The Booker Prize and the ‘Beryl Question’

According to Queeney, a small but beautifully formed account of the last days of Samuel Johnson, had been the clear and popular favourite for the £21 000 prize. Yet none of the judges apparently argued strongly for her work to be among the six in the final reckoning. Instead two former Booker winners, the Australian Peter Carey, with True History of the Kelly Gang, and Ian McEwan, with Atonement, emerged as the most fancied to pick up the prize at the prizegiving on October 17.

Other shocks were that Melvyn Bragg’s acclaimed A Son of War and Nick Hornby’s even more admired How to Be Good failed to make the final six.

It was the exclusion of Bainbridge, described by the late Auberon Waugh as the “greatest writer never to win the Booker”, that caused most protest when the shortlisted six were announced amid the gilt and stucco of the patrician Savile Club in London’s West End.

Asked how the five judges could be so heartless as to drop Bainbridge “when the public clearly wanted her”, one of their number, writer and critic Philip Hensher, retorted: “So we are to let the prize be decided by public sentiment then? I thought it was a literary prize.”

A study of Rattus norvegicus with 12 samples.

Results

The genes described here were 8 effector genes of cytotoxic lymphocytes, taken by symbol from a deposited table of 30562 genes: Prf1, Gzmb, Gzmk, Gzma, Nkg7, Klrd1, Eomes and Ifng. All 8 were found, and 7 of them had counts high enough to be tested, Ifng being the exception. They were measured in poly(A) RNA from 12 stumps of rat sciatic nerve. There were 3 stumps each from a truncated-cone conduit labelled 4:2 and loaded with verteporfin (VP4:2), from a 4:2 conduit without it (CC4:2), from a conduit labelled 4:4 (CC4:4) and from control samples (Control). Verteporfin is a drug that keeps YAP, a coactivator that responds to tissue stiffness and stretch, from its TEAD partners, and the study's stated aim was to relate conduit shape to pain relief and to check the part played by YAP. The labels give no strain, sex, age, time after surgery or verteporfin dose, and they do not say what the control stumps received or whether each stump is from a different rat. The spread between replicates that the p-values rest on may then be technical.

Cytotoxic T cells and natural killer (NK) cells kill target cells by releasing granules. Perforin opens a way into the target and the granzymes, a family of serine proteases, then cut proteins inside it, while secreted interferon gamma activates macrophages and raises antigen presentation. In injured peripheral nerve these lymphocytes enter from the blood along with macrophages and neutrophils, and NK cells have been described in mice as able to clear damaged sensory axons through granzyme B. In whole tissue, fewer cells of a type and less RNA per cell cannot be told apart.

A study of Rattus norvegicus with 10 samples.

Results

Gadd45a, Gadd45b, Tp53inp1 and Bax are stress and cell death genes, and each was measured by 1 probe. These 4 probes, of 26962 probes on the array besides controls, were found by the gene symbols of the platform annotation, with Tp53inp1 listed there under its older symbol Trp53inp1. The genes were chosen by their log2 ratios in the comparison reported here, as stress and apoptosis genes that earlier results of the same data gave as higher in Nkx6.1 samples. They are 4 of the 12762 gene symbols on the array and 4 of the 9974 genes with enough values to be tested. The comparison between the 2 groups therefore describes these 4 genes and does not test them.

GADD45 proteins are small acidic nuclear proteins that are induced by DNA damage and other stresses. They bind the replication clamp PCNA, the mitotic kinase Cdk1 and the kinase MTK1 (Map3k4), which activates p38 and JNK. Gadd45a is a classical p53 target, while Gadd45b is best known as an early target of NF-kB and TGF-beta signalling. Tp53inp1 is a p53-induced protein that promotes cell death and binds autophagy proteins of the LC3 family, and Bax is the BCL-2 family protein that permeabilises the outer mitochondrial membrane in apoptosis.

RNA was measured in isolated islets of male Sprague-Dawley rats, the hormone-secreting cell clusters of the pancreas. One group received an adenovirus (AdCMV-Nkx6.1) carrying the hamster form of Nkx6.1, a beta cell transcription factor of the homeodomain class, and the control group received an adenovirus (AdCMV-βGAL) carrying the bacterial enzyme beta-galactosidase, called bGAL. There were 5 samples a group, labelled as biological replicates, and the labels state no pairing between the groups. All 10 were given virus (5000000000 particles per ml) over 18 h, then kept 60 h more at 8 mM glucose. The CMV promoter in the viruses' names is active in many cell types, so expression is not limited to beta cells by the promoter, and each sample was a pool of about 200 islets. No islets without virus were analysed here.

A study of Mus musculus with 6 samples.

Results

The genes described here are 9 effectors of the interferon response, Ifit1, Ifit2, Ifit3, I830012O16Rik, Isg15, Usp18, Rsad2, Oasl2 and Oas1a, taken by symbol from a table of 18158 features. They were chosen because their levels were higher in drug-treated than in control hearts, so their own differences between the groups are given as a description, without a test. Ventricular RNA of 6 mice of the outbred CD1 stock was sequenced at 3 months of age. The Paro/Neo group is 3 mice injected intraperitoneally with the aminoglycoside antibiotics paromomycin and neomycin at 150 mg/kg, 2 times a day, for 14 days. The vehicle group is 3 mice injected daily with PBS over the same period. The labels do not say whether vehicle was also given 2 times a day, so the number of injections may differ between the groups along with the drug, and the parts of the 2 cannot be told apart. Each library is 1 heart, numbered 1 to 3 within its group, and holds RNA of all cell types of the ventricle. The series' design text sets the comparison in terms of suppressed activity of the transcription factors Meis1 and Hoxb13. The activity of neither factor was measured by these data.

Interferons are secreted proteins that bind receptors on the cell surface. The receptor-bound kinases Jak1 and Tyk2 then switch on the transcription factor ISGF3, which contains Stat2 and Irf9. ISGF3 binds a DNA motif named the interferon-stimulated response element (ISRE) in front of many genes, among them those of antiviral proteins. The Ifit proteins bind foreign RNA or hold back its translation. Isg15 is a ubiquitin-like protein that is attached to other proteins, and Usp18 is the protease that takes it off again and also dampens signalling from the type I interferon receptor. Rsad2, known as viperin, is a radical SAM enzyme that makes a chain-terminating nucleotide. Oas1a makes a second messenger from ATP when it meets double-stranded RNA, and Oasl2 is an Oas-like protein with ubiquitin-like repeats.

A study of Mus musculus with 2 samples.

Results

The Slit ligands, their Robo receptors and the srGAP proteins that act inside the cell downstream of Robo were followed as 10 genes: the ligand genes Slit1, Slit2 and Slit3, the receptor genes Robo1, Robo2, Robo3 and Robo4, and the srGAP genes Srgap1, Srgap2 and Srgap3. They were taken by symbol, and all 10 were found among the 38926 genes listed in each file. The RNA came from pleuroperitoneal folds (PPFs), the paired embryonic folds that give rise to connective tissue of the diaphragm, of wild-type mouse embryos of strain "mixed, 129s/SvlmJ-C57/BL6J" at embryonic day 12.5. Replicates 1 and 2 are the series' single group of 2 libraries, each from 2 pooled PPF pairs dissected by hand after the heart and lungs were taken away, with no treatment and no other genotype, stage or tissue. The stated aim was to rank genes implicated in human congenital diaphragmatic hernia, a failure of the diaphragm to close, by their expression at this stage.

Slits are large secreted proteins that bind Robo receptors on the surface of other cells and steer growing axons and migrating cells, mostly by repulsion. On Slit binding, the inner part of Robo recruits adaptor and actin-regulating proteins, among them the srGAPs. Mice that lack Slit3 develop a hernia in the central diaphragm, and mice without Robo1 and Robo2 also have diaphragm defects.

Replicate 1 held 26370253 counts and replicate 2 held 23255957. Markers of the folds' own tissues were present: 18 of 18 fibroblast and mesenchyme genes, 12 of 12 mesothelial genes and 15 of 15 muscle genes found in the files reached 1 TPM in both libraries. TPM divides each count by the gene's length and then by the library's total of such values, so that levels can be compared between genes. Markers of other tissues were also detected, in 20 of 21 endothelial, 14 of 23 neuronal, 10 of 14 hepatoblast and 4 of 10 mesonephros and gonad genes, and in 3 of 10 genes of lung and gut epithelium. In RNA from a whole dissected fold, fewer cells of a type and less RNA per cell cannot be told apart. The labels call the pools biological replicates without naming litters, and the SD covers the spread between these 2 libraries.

The jury chairman, Kenneth Baker, former Tory minister and part-time poet, was equally bullish, batting away the “Beryl Question”, with a flowery flourish to the effect that “this Booker list has reconnected with the reading public … This is a very rich year indeed. Everyone has their own views, of course, because this has been a truly splendid year for fiction.”


Baker asserted that the final six had been arrived at unanimously. One or two of his colleagues privately begged to differ, but there appeared to have been no tantrums, fist fights, or raised voices among the jury— although the final reckoning is yet to come.

Bookies have made a killing on Bainbridge, who was attracting heavy betting even at odds of only 3/1 after she was placed on the longlist.